Turkey’s cumulative natural gas discoveries in the Black Sea and its exploration success have strengthened its negotiating hand with its piped gas import sources – Azerbaijan, Iran and Russia – giving it more ability to push for lower prices, lower volumes and greater contract flexibility, according to principal Wood Mackenzie analyst Ashley Sherman.
"That will not only be seen in renewal conversations still to come. It’s already true in current talks with as close a partner as Azerbaijan, for a long-term contract that expired in April and is still yet to be renewed," he said.
Turkish President Recep Tayyip Erdoğan on Friday, revealing his “good news,” announced that a new 135 billion cubic meter (bcm) natural gas reserve in the Amasra-1 well in the Black Sea off the northern Zonguldak province was discovered, bringing total discovered reserves to 540 bcm.
Last year, Turkey's drillship Fatih discovered 405 bcm of natural gas in the western Black Sea region's Sakarya field, about 100 nautical miles (185 kilometers) north of the Turkish coast. That was the country's biggest discovery to date.
Turkey spends about $40 billion (TL 345 billion) to $50 billion annually on energy imports. Azerbaijan, Russia and Iran are currently the major suppliers. In 2020, the country's annual gas consumption exceeded 48 bcm, according to the Energy Market Regulatory Authority's (EPDK) data.
The country has invested in the sector in recent years, with projects ranging from onshore storage facilities to floating storage regasification units (FSRU).
The contract for 6.6 bcm of gas imported from Azerbaijan also expired in April. Gas flow from the Caspian country through the Baku-Tbilisi-Erzurum pipeline was cut off, while Turkey's state-owned Petroleum Pipeline Company (BOTAŞ) continues to purchase gas through the Trans Anatolian Natural Gas Pipeline (TANAP). The 1.2 bcm contract with Nigeria will also expire this year.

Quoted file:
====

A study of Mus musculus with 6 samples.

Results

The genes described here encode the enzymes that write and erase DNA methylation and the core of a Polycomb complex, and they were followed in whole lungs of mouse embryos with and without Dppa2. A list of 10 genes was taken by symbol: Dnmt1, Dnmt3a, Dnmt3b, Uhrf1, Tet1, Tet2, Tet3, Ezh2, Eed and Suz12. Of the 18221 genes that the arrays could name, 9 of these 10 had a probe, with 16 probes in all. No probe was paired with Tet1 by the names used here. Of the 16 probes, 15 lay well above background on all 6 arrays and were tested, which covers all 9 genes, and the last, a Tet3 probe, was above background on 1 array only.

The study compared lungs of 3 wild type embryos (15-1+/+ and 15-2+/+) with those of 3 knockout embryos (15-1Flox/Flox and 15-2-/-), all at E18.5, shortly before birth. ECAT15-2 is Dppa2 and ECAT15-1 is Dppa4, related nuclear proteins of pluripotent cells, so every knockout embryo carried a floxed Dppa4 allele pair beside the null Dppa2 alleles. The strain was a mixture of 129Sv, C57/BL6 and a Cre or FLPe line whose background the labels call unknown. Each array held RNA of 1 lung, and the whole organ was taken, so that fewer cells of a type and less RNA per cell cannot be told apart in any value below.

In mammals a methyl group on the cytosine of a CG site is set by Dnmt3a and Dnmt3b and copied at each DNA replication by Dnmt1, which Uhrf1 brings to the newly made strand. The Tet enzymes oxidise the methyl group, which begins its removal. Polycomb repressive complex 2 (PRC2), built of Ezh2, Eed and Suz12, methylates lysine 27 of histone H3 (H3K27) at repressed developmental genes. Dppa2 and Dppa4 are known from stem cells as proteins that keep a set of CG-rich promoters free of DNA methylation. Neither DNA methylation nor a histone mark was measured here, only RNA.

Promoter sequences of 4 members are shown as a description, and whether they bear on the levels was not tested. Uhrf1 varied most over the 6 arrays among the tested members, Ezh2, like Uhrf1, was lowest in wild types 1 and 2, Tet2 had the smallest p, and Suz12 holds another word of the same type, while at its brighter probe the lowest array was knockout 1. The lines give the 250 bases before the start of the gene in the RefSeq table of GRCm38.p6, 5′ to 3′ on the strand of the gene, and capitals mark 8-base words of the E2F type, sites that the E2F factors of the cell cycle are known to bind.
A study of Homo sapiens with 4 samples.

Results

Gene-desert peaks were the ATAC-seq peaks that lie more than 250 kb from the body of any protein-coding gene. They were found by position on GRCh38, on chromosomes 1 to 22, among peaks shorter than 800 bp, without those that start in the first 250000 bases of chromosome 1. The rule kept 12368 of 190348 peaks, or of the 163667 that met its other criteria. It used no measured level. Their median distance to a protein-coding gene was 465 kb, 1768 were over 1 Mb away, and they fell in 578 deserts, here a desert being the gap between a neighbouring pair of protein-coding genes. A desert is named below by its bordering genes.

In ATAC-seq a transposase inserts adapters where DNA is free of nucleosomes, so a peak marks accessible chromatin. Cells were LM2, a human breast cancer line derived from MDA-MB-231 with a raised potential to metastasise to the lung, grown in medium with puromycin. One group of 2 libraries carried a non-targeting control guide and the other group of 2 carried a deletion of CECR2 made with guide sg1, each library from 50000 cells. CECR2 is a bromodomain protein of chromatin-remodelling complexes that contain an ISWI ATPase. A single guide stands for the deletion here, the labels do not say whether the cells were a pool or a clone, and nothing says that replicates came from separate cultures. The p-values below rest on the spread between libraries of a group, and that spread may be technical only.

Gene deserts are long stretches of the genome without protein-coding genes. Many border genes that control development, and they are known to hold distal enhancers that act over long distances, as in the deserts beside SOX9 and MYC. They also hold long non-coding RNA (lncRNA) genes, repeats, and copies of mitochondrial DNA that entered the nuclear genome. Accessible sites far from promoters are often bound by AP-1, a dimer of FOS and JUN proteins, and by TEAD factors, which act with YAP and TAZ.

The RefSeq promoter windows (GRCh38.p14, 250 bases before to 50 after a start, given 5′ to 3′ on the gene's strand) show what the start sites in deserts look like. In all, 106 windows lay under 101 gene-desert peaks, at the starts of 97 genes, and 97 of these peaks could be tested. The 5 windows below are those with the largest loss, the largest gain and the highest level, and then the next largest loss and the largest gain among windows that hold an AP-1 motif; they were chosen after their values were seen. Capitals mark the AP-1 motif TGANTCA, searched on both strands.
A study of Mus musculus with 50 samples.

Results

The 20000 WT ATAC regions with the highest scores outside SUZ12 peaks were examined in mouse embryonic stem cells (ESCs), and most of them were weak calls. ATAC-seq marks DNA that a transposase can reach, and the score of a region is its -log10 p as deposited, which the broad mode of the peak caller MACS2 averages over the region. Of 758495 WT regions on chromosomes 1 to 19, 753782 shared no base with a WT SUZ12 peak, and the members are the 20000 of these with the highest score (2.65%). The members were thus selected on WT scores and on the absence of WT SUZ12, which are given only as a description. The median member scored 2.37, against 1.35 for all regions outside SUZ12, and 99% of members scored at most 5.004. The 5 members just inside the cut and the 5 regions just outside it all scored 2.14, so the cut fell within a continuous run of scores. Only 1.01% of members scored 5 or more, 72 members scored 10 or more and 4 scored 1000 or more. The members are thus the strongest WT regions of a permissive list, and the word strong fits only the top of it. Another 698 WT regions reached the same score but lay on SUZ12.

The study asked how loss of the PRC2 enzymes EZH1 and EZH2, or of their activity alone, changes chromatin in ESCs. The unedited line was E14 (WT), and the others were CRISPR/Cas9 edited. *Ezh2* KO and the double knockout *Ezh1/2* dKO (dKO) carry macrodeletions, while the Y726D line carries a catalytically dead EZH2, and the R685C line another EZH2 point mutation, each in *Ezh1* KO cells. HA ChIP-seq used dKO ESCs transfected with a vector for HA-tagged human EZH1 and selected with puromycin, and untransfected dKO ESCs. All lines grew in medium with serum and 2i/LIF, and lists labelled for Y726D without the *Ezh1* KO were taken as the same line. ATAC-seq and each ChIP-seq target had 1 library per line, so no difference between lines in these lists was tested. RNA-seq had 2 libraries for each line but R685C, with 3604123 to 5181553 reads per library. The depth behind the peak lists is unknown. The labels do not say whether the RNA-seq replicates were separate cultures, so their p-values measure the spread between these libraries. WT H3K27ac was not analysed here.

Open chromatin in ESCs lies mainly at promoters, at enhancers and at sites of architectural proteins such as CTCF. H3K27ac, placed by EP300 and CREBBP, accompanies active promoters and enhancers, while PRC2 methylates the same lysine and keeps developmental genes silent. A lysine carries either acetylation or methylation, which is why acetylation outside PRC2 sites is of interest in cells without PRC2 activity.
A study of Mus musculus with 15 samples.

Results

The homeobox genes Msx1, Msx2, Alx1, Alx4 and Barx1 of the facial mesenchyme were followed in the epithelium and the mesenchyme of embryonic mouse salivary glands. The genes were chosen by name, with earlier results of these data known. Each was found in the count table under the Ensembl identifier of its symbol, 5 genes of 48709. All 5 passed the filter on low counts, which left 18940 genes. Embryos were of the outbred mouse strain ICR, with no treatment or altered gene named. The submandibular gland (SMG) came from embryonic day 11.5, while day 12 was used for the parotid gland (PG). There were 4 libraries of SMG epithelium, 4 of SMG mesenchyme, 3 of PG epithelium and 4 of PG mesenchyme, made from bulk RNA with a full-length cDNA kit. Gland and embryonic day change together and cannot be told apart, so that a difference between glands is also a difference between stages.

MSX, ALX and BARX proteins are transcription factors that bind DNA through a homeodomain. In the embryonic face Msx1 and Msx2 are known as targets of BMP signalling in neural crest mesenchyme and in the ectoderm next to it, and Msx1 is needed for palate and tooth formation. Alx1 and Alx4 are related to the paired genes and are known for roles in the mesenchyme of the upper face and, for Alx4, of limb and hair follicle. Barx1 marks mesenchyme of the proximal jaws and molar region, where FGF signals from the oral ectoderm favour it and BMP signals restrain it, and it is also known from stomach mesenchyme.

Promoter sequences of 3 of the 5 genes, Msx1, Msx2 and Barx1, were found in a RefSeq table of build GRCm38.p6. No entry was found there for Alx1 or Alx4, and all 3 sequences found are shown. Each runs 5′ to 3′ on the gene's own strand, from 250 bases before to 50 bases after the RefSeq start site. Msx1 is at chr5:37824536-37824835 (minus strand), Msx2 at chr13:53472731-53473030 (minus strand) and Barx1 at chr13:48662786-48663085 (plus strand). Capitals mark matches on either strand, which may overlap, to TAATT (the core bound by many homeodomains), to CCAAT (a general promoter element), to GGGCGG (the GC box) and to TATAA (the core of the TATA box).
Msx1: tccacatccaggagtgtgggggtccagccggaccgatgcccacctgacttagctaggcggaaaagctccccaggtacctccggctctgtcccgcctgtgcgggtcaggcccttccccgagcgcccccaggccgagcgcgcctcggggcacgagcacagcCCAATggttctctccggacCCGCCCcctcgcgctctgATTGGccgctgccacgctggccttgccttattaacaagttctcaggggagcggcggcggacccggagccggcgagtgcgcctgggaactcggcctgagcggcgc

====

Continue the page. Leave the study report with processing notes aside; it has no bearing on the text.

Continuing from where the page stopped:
For the Russian gas, several Turkish companies have already conducted negotiations with energy giant Gazprom. Turkey currently has a contract for 8 bcm of natural gas transported via TurkStream from Russia, 4 bcm of which is imported by the private sector and the rest by BOTAŞ.
Sherman further spoke about Turkey’s Black Sea discoveries. He said they could cover around 12 years of the country’s current gas demand if fully recovered.
Sherman said the continued appraisal of the giant discovery in the Sakarya gas field and new exploration wells by Turkey’s drillships would ensure further resource growth.
However, he advised that Turkey’s strategic focus shift even more from adding resources to developing the volumes already discovered.
"That means consistent progress offshore – with wells and pipelines – and onshore at the gas plant site at Filyos. A 2023 date for first production still looks ambitious, even from the smaller-scale Phase One. Reaping the supply rewards on such an accelerated timeline remains complex and expensive, no matter the political and economic importance," he explained.
Erdoğan said earlier when he revealed the new gas discovery that they plan to bring natural gas from the sea to land in three stages.
The drillship Fatih is currently drilling the Türkali-3 testing well, while another drillship, Kanuni, is carrying out completion tests at the Türkali-2 well.